Towards a Social Psychology of Cynicism

Neumann, E., & Zaki, j. (2022, September 13).
https://doi.org/10.31234/osf.io/gjm8c

Abstract

Cynicism is the attitude that people are primarily motivated by self-interest. It tracks numerous negative outcomes, and yet many people are cynical. To understand this “cynicism paradox,” we review and call for more social psychological work on how cynicism spreads, with implications for how we might slow it down.

The Cynicism Paradox

Out of almost 8,000 respondents from 41 countries, many agree that “powerful people tend to exploit others” or that “kind-hearted people usually suffer losses”. This indicates widespread cynicism, the attitude that people are primarily motivated by self-interest, often accompanied by emotions such as contempt, anger, and distress, and antagonistic interactions with others. What explains such cynicism? Perhaps it reflects a realistic perception of the suffering caused by human self-interest. But workin social psychology regularly demonstrates that attitudes are not always perfect  mirrors of reality.  We will argue  that  people  often  overestimate self-interest,  create  it through their expectations, or overstate their own to not appear na├»ve. Cynicism rises when people witness self-interest, but social psychology –so far relatively quiet on the topic –can explain why they get trapped in this worldview even when it stops tracking reality.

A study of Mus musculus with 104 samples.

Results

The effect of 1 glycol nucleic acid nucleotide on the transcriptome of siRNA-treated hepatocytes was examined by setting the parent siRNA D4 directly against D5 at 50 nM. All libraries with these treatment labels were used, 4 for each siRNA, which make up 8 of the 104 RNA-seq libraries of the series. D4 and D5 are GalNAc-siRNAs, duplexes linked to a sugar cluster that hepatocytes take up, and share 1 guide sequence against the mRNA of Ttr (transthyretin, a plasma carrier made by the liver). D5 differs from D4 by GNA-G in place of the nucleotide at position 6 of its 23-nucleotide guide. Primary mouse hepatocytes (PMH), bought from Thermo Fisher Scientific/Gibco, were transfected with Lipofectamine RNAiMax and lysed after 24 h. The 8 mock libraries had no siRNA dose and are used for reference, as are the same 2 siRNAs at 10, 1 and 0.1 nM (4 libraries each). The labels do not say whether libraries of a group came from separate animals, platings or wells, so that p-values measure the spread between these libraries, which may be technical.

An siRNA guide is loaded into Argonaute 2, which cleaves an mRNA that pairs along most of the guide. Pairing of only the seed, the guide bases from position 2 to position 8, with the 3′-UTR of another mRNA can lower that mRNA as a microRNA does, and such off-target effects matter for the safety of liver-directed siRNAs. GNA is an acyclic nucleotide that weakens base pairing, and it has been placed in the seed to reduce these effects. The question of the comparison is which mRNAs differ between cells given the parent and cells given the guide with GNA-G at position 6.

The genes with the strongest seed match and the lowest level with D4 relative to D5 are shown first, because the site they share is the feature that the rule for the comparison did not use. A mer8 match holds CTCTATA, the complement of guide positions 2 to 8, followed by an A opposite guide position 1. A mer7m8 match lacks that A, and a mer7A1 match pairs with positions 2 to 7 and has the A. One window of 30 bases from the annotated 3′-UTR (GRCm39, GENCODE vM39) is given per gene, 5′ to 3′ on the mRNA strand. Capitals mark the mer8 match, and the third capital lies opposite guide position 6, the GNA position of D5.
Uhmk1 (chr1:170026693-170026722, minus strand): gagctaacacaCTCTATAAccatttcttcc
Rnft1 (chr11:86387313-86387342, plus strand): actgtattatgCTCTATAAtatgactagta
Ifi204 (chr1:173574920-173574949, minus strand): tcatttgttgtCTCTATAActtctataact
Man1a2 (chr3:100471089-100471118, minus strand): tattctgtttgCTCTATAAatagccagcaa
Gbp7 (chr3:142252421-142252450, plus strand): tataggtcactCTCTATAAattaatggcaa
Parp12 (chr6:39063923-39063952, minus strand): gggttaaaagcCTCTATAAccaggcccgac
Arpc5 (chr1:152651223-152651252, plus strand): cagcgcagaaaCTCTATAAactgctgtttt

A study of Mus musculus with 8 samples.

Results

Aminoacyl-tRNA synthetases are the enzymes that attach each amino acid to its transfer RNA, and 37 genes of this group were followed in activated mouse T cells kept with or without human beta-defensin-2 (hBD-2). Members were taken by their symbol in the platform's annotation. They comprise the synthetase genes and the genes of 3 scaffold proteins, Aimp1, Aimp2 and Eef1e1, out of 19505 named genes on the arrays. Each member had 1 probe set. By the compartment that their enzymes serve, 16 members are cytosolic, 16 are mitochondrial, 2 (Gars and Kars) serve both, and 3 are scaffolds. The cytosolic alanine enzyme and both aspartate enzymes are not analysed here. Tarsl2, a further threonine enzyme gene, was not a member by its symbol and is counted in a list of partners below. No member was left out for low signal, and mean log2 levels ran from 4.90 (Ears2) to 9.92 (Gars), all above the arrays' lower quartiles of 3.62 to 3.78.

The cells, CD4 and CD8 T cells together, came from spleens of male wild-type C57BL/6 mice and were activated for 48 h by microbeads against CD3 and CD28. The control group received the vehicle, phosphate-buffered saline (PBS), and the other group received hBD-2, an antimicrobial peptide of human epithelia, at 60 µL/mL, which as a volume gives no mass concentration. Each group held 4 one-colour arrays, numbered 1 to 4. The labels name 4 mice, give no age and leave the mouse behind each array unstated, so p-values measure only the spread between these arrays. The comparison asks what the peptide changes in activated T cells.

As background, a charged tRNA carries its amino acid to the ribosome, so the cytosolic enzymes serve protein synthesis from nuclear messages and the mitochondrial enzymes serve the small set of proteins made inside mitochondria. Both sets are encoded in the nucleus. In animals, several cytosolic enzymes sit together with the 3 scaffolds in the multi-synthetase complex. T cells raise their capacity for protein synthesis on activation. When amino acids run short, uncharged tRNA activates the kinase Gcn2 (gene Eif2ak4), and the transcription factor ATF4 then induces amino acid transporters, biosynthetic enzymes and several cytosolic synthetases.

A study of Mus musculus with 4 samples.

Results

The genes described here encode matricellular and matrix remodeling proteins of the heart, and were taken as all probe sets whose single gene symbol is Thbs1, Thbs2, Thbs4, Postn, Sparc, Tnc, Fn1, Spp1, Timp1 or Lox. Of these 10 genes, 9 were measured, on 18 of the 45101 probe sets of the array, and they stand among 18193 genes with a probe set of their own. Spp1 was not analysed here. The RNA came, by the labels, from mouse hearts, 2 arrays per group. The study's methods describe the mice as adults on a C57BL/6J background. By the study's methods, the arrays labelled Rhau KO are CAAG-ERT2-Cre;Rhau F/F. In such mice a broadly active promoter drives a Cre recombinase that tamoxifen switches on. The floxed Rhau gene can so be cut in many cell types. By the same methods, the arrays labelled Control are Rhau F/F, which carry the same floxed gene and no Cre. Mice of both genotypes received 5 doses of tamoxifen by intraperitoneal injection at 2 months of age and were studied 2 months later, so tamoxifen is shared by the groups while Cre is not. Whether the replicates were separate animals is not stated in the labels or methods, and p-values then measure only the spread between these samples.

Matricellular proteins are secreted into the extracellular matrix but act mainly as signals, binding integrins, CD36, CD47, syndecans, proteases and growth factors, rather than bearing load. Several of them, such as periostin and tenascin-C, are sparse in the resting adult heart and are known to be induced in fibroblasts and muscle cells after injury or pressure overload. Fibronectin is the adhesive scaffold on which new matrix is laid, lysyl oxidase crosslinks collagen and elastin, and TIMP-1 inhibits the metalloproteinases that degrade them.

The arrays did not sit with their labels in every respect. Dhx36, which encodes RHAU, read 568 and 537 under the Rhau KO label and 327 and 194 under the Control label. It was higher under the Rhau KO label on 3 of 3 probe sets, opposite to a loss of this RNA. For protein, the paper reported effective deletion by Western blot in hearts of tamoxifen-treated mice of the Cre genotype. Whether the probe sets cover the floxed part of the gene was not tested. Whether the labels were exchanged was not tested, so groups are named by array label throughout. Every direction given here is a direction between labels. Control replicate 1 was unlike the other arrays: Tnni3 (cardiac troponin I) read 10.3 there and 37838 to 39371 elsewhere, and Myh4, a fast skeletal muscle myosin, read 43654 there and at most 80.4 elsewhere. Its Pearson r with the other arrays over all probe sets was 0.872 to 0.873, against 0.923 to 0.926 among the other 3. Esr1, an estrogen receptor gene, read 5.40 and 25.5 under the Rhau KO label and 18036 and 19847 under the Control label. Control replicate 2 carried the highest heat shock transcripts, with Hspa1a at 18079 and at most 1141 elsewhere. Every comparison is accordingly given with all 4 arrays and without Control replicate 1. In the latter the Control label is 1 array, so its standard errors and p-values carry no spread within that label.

Cynicism is related, but not reducible to, a lack of trust. Trust is often defined as accepting vulnerability based on positive expectations of others. Generalized trust implies a general tendency to  have  positive  expectations  of  others,  and  shares  with  cynicism  the  tendency  to  judge  the character of a whole group of people. But cynicism is more than reduced positive expectations.It entails a strongly negative view of human nature. The intensity of cynicism’s hostility further differentiates it from mere generalized distrust. Finally, while people can trust and distrust others’ competence,  integrity,  and  predictability,  cynicism  usually  focuses  on  judgments  of  moral character.  This  differentiates  cynicism  from  mere  pessimism,  which  encompasses  any  negative beliefs about the future, moral or non-moral alike. 


Direct applications to psychotherapy.